A friend buys windows laptops because she can’t count on her Mac working with the systems where she goes to give presentations. Any help out there?
She’d need to give more info on what she means by not working. I’ve never had a problem so long as I know the input type I’m plugging into.
I recently had an issue getting a MacBook Pro to work with a projector. In this case, changing the refresh rate from 60 Hertz to 30 Hertz (in System Settings > Displays) solved the problem. The projector didn’t appear to be capable of dealing with the 60 Hertz signal.
Interesting. I’ve had several times where the built in hdmi on my MBP will not be recognized, but using an usb-c adapter will work. I’ll look at the refresh rate next time. Thanks, Tim.
Where I work, none of the setups with cable are Mac-compatible. We use multi-monitor setups that are not tested on Macs, and no cable or connector makes it possible to use them correctly (I’ve tried countless!). Changing display settings and refresh rate also does not work. Linux surprisingly does work with any cable and so does Windows.
To get around this, I use a Windows mini-PC to connect to the display, open Zoom, and then connect from my Macbook.
What Windows mini-PC do you have? Any specific reason for using Zoom or is that just what you have available?
Hi @timlozier . I know how your friend feels. I present for a living and I am at client sites daily. Mac’s are compatible at 95% of my client sites but I occasionally hit a training room or presentation theatre that simply wont play ball. When the tech assistant arrives they usually start with the line “Oh. You’re using a Mac.” Sometimes like @timstringer suggests, its a display issue and sometimes its because the IT dept. has installed/purchased systems that are only windows compatible (or locked down for security reasons and are set as windows-only)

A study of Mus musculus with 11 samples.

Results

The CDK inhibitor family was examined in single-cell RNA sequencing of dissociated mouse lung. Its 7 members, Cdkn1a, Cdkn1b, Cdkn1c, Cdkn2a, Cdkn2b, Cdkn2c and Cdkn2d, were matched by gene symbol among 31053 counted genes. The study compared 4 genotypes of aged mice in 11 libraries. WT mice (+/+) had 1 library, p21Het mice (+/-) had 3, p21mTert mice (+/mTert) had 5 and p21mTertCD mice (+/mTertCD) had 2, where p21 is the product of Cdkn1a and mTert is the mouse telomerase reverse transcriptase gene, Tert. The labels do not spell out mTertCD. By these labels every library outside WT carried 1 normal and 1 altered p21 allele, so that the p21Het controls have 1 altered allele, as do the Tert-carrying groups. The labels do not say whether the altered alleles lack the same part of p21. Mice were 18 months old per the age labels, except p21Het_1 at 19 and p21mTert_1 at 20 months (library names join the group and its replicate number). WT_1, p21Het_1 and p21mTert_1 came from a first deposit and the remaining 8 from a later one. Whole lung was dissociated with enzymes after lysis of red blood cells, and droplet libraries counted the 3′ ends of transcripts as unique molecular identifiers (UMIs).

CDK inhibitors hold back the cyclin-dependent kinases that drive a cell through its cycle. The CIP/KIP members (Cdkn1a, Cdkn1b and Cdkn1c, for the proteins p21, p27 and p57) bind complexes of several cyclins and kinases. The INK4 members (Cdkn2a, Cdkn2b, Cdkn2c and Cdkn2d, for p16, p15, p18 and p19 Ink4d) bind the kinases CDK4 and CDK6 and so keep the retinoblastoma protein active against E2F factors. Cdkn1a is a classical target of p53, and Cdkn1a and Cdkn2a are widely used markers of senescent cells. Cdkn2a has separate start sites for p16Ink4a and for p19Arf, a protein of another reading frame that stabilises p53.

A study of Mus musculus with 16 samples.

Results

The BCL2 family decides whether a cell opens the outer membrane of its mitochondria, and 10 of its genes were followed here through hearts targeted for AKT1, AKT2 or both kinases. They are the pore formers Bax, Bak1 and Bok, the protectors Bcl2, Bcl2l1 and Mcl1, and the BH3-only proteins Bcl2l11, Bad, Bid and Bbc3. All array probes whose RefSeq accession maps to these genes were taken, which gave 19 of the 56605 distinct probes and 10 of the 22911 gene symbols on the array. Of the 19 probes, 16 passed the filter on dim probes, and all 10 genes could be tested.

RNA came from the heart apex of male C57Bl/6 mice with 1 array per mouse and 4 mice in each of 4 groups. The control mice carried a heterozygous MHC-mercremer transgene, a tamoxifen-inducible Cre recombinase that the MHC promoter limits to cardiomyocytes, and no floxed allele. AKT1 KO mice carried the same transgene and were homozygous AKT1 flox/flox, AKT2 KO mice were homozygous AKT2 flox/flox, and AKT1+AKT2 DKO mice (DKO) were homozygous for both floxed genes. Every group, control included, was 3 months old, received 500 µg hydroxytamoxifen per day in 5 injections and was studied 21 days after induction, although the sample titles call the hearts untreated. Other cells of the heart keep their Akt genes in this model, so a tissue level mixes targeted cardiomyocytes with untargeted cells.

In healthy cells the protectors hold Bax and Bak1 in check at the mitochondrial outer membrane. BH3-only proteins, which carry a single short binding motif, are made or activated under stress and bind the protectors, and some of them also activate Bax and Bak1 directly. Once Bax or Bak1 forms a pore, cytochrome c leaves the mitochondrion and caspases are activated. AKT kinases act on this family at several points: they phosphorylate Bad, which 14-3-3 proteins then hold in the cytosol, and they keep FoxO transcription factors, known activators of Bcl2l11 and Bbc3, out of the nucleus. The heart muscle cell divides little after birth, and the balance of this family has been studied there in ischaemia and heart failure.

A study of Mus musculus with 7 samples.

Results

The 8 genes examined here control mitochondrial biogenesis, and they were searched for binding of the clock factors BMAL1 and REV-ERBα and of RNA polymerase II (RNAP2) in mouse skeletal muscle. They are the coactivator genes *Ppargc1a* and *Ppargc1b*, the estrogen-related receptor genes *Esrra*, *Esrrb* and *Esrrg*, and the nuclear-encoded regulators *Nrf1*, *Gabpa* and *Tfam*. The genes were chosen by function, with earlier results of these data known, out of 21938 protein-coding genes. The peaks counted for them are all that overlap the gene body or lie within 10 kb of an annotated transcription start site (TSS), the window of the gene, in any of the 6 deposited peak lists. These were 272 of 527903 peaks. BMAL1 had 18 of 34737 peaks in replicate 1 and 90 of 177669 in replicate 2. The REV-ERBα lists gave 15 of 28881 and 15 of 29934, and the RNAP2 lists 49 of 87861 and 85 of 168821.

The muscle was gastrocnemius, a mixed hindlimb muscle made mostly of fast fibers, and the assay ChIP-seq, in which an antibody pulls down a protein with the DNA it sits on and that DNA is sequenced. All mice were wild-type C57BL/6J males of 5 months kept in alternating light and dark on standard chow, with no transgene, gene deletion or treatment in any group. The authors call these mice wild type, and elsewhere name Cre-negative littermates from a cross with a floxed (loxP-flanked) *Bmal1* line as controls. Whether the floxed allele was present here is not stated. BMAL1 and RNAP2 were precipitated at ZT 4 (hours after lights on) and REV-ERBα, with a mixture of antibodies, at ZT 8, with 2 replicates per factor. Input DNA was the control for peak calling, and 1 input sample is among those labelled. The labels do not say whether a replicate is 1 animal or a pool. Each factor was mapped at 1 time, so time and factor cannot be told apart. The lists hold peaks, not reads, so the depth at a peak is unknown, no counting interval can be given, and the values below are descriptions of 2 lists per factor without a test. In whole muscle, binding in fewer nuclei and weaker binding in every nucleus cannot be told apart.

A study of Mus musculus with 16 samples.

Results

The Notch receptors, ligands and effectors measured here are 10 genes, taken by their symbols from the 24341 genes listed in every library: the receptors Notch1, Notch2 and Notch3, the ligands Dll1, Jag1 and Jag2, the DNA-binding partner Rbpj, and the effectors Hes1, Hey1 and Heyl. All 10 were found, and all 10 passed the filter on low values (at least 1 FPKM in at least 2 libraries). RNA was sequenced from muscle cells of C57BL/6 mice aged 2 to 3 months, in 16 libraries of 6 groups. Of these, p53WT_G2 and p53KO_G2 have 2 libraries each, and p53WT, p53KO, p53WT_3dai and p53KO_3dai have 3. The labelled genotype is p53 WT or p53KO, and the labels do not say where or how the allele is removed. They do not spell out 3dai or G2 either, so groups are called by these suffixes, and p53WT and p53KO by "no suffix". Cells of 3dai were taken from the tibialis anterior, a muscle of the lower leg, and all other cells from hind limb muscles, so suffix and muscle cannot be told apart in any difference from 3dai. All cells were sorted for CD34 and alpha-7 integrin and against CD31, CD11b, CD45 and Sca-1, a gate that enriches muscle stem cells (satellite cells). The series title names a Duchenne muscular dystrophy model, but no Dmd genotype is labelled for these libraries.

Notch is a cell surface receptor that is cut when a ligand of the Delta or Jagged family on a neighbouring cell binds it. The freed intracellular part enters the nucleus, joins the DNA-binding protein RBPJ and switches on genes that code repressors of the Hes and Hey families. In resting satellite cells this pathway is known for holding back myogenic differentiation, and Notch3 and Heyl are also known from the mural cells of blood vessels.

My suggestion and my workaround is, that if you know the particular client is windows-only, I take my presentation on a cheap Dell windows 10 laptop which does work at that client’s site.
I use one of these… MSI Cubi 5 | The Energy efficient Mini-PC
I find Zoom the most reliable. At work I have all the major videoconference apps - Teams, Meet and Zoom - and of the three Zoom works the best.
Thanks, all. Looks like she’s doomed to buy a Windows machine of some kind.
I think so. My advice is to go as cheap as possible for a laptop that will only get occasional use.
I never thought of this. I have a client where their projector will connect, but it will occasionally shut itself down after a few minutes. It works fine for short presentations without a lot of graphics. Their IT person said it was because Macs push so much more data. (i.e. they look better! I agree). Anyway, would this be a workaround for that situation?
I believe it would. I have encountered a few projectors that behave the same way or flicker constantly. My windows laptop solved this at these clients’ presentation venues.